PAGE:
I just filled out an alumni survey for Sojourners community which I was a part of many moons ago. Remembering in order to answer their questions made me grateful again for a part of my life that helped shape me. I have had significant life experiences that remain a blessing, but that one year spent in Washington, DC opened my mind, heart and soul to amazing revelations. I lived in a household of wonderfully committed people. My work was life-giving. The opportunities that arose for travel and learning were beyond what I could have imagined. The people I met were phenomenal.
In those 12 months, I wrestled with all kinds of questions regarding social justice. I contemplated being arrested and potentially deported for civil disobedience for an anti-apartheid demonstration. I met some of the most engaged people I ever have. I grew in ways that were painful and glorious. I witnessed poverty, freedom, oppression, faith-in-action, and community life at its best and worst. I developed relationships that remain to this day, dear to me.
I cannot explain with words the feelings that are evoked with these memories. They are as intense as if they happened recently instead of decades ago. I can see the neighbourhood crack man being led away in handcuffs. I can feel the laughter from one of the internship coordinators in my bones to this day. I can see the tears of a colleague when we discussed sexual harassment. I can smell the ocean as a housemate and I walk along it and feel the warmth of the sun on my skin. I see the flickering light of a candle at a vigil. I sense the tension dissipate in a crowded room when a housing advocate suddenly appears at a meeting. I feel my awe listening to a man who would go on to do superb work with George Clooney in Darfur and other global hot spots. The unmarked graves at the plantation still haunt me. I hear the women praying before we opened the doors of the food line that we might recognize Jesus today. The kindnesses towards this Prairie Girl from Canada are etched upon my heart.
There was never a dull moment and lots of newness. Washington was the perfect backdrop for this experience. It provided a number of opportunities that another setting could not have. It was my first Christmas away from home. The first time in a long time that I had played volleyball in a league. I learned to drive a standard. I grew confident to walk the streets without fear. I never stopped praying that the kids at the top of my street would not be shot dead. I loved jumping in the shared car and heading off for a weekend adventure to New York City, Boston, Richmond…wherever the wind would blow us. I transcribed hours of tapes of fascinating interviews with women in South Africa and survivors of the Three Mile Island explosion. I spent three hours every Sunday at mass after attending worship with the community.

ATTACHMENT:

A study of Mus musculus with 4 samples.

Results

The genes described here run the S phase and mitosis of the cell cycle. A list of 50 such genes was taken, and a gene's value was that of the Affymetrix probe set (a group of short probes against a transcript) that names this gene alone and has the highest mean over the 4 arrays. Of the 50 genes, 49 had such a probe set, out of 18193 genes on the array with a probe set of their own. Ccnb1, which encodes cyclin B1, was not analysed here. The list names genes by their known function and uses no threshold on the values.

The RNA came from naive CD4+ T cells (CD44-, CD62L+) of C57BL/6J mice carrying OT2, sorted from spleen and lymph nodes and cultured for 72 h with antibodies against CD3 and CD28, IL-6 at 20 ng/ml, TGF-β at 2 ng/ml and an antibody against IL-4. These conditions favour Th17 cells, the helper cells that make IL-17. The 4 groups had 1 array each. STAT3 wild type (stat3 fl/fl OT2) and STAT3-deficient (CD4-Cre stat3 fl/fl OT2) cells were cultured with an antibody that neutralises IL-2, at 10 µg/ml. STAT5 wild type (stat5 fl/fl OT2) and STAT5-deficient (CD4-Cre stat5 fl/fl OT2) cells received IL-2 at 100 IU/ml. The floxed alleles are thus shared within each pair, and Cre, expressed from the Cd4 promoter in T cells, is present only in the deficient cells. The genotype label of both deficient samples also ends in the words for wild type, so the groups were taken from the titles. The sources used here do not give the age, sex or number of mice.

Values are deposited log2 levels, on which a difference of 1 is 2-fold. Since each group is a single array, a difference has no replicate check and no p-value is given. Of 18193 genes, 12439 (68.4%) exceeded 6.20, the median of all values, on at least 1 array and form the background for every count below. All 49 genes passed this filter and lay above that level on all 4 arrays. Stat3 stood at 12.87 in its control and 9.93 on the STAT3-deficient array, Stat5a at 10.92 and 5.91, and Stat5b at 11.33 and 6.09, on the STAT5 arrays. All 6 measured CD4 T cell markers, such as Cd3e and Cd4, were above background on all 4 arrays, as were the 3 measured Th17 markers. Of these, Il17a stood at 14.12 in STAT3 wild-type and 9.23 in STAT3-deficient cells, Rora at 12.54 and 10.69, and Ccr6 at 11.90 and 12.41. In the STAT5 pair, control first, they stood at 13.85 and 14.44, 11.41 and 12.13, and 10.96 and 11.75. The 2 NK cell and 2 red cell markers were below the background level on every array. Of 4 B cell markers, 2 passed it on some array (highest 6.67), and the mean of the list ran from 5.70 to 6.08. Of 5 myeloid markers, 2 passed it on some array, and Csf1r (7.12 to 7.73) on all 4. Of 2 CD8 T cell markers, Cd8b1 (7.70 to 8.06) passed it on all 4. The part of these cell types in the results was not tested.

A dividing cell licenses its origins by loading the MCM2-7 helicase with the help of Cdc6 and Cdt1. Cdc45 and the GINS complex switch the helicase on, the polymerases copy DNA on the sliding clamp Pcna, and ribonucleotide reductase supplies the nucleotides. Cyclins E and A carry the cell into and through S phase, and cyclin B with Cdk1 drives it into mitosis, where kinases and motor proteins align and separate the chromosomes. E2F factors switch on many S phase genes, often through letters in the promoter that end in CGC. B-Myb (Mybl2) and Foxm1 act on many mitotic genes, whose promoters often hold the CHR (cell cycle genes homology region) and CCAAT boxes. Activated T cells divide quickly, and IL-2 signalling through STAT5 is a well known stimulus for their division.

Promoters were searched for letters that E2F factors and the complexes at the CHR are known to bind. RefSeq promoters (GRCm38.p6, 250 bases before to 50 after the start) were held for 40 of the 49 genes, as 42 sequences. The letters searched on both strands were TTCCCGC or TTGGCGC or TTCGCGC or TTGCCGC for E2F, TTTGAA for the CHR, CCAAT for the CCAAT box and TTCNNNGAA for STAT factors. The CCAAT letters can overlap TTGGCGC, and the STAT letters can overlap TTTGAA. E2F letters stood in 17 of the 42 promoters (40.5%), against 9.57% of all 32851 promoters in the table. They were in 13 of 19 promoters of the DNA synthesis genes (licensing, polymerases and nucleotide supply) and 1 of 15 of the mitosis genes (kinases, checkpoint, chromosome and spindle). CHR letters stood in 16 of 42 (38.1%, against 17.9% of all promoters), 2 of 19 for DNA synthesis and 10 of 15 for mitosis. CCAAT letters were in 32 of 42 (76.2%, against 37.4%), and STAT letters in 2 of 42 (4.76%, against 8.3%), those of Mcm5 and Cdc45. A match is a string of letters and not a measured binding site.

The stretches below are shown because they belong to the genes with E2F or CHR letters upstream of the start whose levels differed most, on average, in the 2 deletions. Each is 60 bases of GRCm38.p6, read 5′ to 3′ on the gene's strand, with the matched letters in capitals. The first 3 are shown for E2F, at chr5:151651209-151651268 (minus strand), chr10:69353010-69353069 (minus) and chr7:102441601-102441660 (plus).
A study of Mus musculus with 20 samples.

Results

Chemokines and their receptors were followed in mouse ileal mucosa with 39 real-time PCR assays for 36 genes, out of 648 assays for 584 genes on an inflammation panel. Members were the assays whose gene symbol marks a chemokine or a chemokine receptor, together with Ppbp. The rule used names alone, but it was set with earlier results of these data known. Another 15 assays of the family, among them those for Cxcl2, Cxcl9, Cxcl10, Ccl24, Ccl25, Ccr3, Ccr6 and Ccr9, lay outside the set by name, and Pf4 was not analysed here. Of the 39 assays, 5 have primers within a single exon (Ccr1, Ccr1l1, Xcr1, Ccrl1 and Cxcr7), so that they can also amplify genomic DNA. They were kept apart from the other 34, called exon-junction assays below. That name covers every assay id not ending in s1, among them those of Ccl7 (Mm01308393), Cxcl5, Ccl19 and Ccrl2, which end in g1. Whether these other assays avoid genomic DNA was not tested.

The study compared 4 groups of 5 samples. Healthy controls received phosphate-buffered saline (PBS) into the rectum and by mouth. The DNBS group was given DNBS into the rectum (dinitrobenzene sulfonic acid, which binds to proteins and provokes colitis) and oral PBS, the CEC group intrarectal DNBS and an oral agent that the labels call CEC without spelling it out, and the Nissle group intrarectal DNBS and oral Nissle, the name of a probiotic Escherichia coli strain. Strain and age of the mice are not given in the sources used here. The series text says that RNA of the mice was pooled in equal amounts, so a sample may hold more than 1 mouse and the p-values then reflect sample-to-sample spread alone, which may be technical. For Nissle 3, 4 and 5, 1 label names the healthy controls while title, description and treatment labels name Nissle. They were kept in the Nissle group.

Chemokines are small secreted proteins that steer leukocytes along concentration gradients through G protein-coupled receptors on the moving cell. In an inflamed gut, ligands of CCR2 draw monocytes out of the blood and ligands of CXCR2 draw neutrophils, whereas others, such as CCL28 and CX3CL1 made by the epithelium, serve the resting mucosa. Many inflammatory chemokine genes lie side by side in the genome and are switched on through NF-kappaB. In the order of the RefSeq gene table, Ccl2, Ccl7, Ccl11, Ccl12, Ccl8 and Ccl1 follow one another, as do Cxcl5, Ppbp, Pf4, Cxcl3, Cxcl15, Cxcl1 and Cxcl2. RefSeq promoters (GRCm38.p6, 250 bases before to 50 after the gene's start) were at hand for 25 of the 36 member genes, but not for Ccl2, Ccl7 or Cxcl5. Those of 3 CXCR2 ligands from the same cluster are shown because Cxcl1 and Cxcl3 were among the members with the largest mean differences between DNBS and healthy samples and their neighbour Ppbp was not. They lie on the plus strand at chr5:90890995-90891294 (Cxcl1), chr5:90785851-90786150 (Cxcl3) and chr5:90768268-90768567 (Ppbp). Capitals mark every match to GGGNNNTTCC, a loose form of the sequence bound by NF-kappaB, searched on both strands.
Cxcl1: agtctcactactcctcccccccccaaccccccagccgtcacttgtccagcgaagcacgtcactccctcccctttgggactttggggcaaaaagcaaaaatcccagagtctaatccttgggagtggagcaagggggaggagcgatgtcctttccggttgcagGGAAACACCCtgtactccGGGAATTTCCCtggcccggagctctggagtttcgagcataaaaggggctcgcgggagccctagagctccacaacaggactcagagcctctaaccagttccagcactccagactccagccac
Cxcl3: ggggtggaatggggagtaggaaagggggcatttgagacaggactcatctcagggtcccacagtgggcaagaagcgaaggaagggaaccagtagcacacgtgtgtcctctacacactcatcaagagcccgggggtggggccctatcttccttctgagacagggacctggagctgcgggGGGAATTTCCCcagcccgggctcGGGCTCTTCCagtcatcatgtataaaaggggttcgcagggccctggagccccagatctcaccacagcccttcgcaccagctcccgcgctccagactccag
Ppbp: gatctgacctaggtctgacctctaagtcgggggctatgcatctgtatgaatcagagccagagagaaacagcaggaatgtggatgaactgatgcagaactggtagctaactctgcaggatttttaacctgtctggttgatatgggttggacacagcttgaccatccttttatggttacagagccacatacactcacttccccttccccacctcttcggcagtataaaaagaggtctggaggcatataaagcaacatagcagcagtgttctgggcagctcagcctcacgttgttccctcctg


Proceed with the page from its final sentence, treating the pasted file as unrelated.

I found within a courage and a compassion that I did not know I had. I was hungry for any new experience–art, food, travel, faith experiences, service, and so much more. I was more alive than I had been in a very long while. What I do now is shaped by what I learned there. I served on a refugee committee for years. I coordinate a prison ministry. I traveled to Guatemala to build houses with Habitat for Humanity. I read books by people who are keen to serve God with all their hearts, minds and spirits. Even my studies in conflict resolution came out of my yearning to learn more about social justice.
My time with Sojourners was not perfect. I struggled with living in community. I felt inadequate as I typed those interviews at a snail’s pace on my first experience with a computer. I missed the Canadian perspective and manner often. I smacked up against the wall of oppression because I was a woman. I understood the irony of being told I was the least racist person who worked at the magazine. I struggled with my own judgments regarding relationships within the Catholic Church. I wept hours as I learned things about humanity that I did not think were possible.
For all of it though, I am grateful because it has helped to create the me of today. I see God in all things and I did back then. I cannot listen to the news without praying. I will not accept mainstream media as the final word. I will always seek alternative voices and the true voice of the Creator. I will be kind to people because I will not know their story in its entirety. I listen to the men at the federal prison with compassion because I read many letters of inmates looking for someone to hear their situation without judgment. I will be open to wonder and grace because God is at work, here and now, no matter how hard the journey appears.
All the experiences of that year remain with me and continue to transform me. We all have experiences that shape us. What might that be in your life?